Does global media exist? This question has come about more than a few times in some conferences I have attended recently. The question is more focused on the supply side of the equation whereby media houses are shown as flooding the audience at large with a filtered view of national and international events. These events, besides being supposedly chosen specifically, are also chiselled and polished to represent a certain angle of things. The more popular term for such a flooding is propaganda. However, the whole process is indeed a lot murkier than a simplified propaganda branding.
The whole concept of global media is, in itself, a false premise because it is based on some assumptions. For example, the only way global media can exist is if there exists a global audience. Media, much like any business, works solely on the existence of demand. The audience demands news bites and analysis and those demanded are presented in the form of both raw and edited media packages. In line with that, it is safe to propagate that the two form a causal relationship whereby the demand generates the supply. While the other way round too applies in patches and niches, the whole concept is largely dependent on social and personal psychology, putting the consumer in the driver seat than the other way round.
If global media exists, it would hence assume an existence of a global audience. However, even in this time and age of aggressive globalisation, theorists and academics agree that the localization, or the rooting to local norms and traditions, is far from extinct. From tourists to immigrants to asylum seekers, all focus on aspects, be they directly or indirectly related to them, through the localized lens of biases and presumptions. These biases dont have to be nationalist in nature and can and do include the underlying of cultural, ethnic and social contexts. With this in mind, can one really presume a world audience for a global media entity? Definitely not.
This is important for the Pakistani thought process. Too long have we been fixated on paranoia and conspiracy theories. Besides ignoring our personal and social shortfalls, we tend to blame the world at large for all the weaknesses that exist within us. Of course Pakistan is not a unique case. Many countries tend to do this. However, just being part of this clump has its problems.
Pakistan is not Russia and China, two economic and political giants who tend to fall in line with the same group Pakistan is unfortunately part of. These two tend to block away media avenues in order to present a surreal reality to the locals. This, as can be imagined, works for their systems. Russia continues to be an autocracy, failing to guarantee its citizens basic human rights. The Chinese too tend to obsess over a nationalist identity that is created and reaffirmed through rigorous social engineering and training. These countries hence completely annihilate the concept of global media by putting in stringent filters onto what is and can be viewed in their proximities. In order to justify their actions, they indulge in reverse propaganda, something fairly common in Pakistan. The said propaganda nurtures and cements hostility and awe against selected countries and ways of thinking. The two giants can and will indulge in such experiments because they can survive alone. Russia has been doing so even after the collapse of USSR. It continues to act as a separate entity with more ever increasing economic and political prowess via cunning interjections both directly or indirectly. China, with its remarkable engineering skills and ever cheap labour, has become an economic giant that continues to be a formidable challenge for economies world over. However, Pakistan with no such strengths ends up losing a lot in this vague game of role playing.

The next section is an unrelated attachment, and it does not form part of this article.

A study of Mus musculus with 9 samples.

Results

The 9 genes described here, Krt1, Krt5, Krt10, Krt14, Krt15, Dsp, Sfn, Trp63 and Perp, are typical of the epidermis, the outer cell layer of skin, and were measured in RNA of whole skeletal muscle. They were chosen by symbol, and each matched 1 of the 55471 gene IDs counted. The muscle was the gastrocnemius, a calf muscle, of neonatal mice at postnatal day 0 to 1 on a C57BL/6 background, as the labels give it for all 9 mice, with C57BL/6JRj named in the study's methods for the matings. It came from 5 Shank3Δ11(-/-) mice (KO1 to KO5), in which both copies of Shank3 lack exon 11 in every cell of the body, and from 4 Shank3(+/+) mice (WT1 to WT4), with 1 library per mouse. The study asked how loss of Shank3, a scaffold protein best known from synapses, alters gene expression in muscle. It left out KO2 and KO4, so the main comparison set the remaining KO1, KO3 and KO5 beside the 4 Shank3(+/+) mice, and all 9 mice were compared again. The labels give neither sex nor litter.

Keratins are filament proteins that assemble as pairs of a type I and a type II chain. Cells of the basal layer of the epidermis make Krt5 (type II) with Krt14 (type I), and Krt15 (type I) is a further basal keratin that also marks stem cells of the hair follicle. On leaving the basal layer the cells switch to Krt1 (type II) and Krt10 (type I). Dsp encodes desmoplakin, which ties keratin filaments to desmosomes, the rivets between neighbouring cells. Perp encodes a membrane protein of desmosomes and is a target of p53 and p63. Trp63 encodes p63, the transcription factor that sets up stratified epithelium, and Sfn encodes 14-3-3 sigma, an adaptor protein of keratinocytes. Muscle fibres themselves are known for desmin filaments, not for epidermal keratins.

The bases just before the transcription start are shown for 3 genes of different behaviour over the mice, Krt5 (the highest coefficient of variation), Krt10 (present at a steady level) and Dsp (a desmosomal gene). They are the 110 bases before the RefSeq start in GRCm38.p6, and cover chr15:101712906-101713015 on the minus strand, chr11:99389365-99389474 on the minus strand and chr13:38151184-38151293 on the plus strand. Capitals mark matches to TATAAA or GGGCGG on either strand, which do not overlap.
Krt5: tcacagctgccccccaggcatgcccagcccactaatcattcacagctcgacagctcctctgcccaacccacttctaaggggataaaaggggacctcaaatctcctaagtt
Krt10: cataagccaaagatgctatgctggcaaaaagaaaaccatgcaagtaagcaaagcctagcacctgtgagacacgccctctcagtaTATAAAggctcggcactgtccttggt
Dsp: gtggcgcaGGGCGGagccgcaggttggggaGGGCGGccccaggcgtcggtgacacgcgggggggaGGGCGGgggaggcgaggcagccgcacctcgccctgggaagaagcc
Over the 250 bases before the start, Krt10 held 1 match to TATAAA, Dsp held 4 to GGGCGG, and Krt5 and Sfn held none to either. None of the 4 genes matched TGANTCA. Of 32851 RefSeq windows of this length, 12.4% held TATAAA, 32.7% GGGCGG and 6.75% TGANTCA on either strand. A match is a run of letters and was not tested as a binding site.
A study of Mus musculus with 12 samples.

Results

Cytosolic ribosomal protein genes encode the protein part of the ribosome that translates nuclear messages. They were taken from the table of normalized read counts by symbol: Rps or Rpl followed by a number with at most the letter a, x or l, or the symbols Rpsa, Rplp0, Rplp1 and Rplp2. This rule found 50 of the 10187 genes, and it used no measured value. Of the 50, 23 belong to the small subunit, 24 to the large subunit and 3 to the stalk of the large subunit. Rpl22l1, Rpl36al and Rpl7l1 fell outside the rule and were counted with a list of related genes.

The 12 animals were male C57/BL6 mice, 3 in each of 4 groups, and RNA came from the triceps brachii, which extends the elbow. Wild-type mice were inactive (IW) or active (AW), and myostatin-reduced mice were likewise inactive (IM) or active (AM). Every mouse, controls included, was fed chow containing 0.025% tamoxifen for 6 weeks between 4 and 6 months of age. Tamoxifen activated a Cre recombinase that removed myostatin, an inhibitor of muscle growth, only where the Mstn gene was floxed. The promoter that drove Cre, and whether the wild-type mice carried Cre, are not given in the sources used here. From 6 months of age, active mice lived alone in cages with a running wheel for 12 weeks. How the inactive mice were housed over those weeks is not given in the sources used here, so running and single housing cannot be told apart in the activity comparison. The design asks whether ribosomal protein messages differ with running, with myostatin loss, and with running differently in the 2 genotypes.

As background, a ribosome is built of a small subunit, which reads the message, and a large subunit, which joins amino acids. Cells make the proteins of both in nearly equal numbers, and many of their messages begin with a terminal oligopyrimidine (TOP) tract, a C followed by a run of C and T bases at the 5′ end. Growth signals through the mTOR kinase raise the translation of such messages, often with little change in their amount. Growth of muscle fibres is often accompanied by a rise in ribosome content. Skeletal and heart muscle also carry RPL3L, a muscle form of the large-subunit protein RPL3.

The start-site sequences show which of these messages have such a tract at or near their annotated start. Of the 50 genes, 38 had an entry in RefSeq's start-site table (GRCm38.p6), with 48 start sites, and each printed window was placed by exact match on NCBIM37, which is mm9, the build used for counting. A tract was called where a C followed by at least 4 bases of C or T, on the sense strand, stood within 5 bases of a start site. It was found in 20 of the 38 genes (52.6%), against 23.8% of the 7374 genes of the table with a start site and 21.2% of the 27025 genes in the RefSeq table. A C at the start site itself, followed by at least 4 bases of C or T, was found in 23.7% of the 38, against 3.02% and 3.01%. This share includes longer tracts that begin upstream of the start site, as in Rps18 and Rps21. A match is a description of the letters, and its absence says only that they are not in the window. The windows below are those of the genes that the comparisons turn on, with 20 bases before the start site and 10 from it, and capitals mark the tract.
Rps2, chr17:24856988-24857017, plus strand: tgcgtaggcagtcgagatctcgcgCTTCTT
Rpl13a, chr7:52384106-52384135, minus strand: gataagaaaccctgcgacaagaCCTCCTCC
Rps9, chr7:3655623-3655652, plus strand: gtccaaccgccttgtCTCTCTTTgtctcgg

The most cited claim to such behaviours is manipulation by the global media. A majority believes that western powers tend to effect the way of thinking of a layman by influencing the information available to them. This is taken as an excuse by many to avoid the viewing or reading of international newspapers and media outlets. Somehow, the said exposure tends to be reductive in nature for this audience and is believed to do a lot more harm than gain. However, these outrageous claims are not restricted to international media alone. The local media stage too, as is claimed by a majority once again, has been infiltrated by the western powers in the form of media puppets. These anchors and analysts are said to be financed by the powers that be and work towards the demolition of the Pakistani social infrastructure.
They hence present the western agenda to the audience and hence need to be avoided if the country is to maintain a national identity.
Taking this back to the global media discussion, does this claim at all hold ground? By believing in such an ability, are we not falling into the trench of assumptions that I have already argued is unsustainable? Can, hence, everyone view a news bite in the same manner as the viewer or reader next to them? Of course not. How then, can we assume a social engineering through the media venues? Why then, do we feel vulnerable and affected? The country has much thinking to do before it starts believing in boogymans of its own making. The country has much to procrastinate.